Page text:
They don't vote or hold a veto pen, yet Congress' number-crunchers wield oversize influence on President Barack Obama's health overhaul agenda.
Doubt it, consider this _ lawmakers are anxiously awaiting Congressional Budget Office calculations on the Senate health care bill, and debate on the historic measure can't start in earnest until the agency renders its verdict.
In a flurry of proposals and numbers, Senate Majority Leader Harry Reid, D-Nev., has been seeking the CBO's answers for weeks, even as the House passed its own version of legislation extending health coverage to tens of millions of uninsured Americans and enacting tough new restrictions on insurance companies.
Reid's bill and the accompanying CBO analysis are expected next week. If the budget office says the bill is too expensive or doesn't reduce the deficit, moderate Democrats could flee and Republicans would have fresh ammunition. If the numbers are on target, Reid will have a stronger hand to corral support as debate begins.
The wait has been lengthy precisely because Reid is aiming to ensure that when the budget office releases its analysis it hits certain marks.
The complex legislation, which Reid is taking a free hand in writing based on two committee-passed bills, must not exceed Obama's specified price tag of $900 billion over 10 years, and it must not add to the deficit. Ultimately it must be able to get the 60 votes needed to advance in the 100-member Senate.
"We've sent them a list of options; they raise questions. We answer them, we raise other questions, they answer them. The goal is to put together the best bill possible," Reid spokesman Jim Manley said Friday. "Senator Reid made a decision a while ago that he wants to get this right before taking it to the floor."
Senators wanted more generous subsidies to help lower-income people afford insurance; Reid has weighed that. Making subsidies more generous or scaling back a tax on high-value insurance plans that's unpopular with union members and some Democrats would require more money. Reid began considering a new Medicare payroll tax on people earning more than $250,000 a year, as The Associated Press first reported this week.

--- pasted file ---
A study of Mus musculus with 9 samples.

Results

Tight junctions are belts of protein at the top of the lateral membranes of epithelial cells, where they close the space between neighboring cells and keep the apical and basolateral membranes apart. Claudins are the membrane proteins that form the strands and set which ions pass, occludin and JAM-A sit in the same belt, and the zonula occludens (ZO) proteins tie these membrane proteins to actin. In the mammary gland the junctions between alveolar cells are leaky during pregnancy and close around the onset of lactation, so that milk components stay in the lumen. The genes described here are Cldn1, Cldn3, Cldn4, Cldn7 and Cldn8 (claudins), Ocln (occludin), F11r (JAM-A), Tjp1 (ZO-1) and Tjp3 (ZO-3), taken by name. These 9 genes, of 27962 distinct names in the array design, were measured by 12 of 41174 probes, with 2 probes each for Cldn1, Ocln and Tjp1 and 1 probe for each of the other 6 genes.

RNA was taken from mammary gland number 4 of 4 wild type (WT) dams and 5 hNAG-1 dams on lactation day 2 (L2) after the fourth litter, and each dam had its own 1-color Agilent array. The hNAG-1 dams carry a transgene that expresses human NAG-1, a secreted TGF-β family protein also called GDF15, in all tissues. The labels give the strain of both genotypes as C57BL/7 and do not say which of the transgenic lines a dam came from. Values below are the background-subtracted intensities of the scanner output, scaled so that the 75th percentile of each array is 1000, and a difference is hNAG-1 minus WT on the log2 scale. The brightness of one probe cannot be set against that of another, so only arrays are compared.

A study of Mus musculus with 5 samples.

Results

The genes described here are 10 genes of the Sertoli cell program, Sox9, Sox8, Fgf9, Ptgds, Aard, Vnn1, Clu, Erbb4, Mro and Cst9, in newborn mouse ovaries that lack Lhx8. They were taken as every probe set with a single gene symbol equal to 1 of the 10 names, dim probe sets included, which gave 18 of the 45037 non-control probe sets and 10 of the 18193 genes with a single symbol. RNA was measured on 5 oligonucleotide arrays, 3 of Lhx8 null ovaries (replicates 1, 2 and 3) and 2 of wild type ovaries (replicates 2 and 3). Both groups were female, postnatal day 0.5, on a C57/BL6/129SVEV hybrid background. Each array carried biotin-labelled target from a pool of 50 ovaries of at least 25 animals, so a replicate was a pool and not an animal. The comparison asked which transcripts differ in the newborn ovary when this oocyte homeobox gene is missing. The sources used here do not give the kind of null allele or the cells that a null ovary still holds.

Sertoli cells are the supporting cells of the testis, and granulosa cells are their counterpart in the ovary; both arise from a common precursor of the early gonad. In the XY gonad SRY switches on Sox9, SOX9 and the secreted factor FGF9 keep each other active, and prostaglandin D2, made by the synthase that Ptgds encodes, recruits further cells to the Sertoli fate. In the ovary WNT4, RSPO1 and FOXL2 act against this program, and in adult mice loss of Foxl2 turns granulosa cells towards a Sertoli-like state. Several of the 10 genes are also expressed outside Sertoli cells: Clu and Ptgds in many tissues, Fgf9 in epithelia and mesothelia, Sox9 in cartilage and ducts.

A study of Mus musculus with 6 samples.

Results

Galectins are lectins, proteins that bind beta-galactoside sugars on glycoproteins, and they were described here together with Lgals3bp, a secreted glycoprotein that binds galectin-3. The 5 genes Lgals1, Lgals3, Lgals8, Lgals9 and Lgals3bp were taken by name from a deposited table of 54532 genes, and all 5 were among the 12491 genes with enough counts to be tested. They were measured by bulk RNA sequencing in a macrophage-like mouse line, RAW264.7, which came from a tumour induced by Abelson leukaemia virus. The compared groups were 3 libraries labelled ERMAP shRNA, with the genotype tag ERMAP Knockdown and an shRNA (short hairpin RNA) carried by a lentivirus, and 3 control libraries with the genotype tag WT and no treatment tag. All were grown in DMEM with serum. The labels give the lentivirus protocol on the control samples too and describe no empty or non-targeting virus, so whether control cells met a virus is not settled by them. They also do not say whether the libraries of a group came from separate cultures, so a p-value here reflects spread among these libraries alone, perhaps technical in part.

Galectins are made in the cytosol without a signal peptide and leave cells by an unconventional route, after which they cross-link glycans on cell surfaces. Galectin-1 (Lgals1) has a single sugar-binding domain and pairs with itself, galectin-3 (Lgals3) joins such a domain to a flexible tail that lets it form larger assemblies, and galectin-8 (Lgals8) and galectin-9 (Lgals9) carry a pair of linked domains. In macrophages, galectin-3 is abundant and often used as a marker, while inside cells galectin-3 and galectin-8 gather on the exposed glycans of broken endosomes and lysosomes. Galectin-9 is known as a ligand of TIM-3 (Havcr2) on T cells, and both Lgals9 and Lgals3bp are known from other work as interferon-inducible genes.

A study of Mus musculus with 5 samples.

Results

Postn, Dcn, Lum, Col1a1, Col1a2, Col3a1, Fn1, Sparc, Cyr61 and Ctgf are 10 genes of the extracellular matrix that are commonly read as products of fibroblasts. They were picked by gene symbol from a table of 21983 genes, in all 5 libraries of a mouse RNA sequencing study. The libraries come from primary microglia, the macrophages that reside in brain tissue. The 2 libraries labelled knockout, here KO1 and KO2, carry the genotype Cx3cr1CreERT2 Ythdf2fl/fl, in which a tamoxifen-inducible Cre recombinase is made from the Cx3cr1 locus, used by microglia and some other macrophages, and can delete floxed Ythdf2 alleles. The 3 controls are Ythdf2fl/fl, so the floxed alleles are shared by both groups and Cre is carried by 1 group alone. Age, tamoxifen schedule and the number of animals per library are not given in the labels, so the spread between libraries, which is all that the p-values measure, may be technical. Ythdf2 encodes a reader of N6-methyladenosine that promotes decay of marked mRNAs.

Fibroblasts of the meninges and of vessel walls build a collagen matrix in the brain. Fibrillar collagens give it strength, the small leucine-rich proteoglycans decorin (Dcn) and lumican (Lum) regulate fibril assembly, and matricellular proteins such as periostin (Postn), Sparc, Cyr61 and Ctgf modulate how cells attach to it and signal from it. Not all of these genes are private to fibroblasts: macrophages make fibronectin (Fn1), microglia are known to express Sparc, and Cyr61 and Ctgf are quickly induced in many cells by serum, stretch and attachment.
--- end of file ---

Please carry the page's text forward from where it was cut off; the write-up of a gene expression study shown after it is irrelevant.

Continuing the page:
CBO must do the math in response to each new idea from Reid, then redo it as Reid tweaks his proposals.
CBO director Douglas Elmendorf declined in an interview Friday to comment on the process with Reid, but noted that his agency's role was to analyze proposals, not make recommendations. He said his analysts were churning out reports as fast as they could without sacrificing quality.
"The health reform proposals that we're seeing this year are mostly very complicated and touch on many aspects of the federal budget and the economy, so that makes them more difficult to analyze," Elmendorf said, "both because there are more pieces to keep track of, and because the interaction of the pieces can be very important, but is not something for which we have a lot of good experience or evidence."
The influence of the budget office has been on display throughout the health overhaul debate. As Congress' nonpartisan scorekeeper its pronouncements _ formal, informal or even just rumored _ can make or break legislation, sending lawmakers scurrying back to the drawing board to start over. That happened over the summer when an unwelcome $1.6 trillion price tag on options before the Senate Finance Committee sent senators looking for new solutions.
In Washington parlance, the CBO's analysis of a piece of legislation is called a "score." So ask any senator their opinion of the health care bill and they'll likely tell you that they're "waiting for the score" before they can say.
CBO is known for its evenhandedness, even when its answers aren't to the liking of one party or another, or provoke grousing from lawmakers that its approach is too conservative. The agency also frequently comes in for some of the blame if things aren't moving fast enough for lawmakers' liking.
"We've waited three weeks now for CBO," the No. 2 Senate Democrat, Dick Durbin of Illinois, told reporters earlier this week when asked about timing.
Former CBO officials say such complaints comes with the territory.
"There's a psycho-social role for CBO being the dog that gets kicked in the process," former CBO director Douglas Holtz-Eakin, a fellow at the Manhattan Institute, said Friday.
"I honestly always took it as business. It wasn't personal," he said.
The CBO was created by Congress in 1974 and its director is appointed jointly by the Speaker of the House and the president pro-tempore of the Senate to serve a four-year term. The agency has about 250 employees, around 50 of whom are at work on the health care legislation.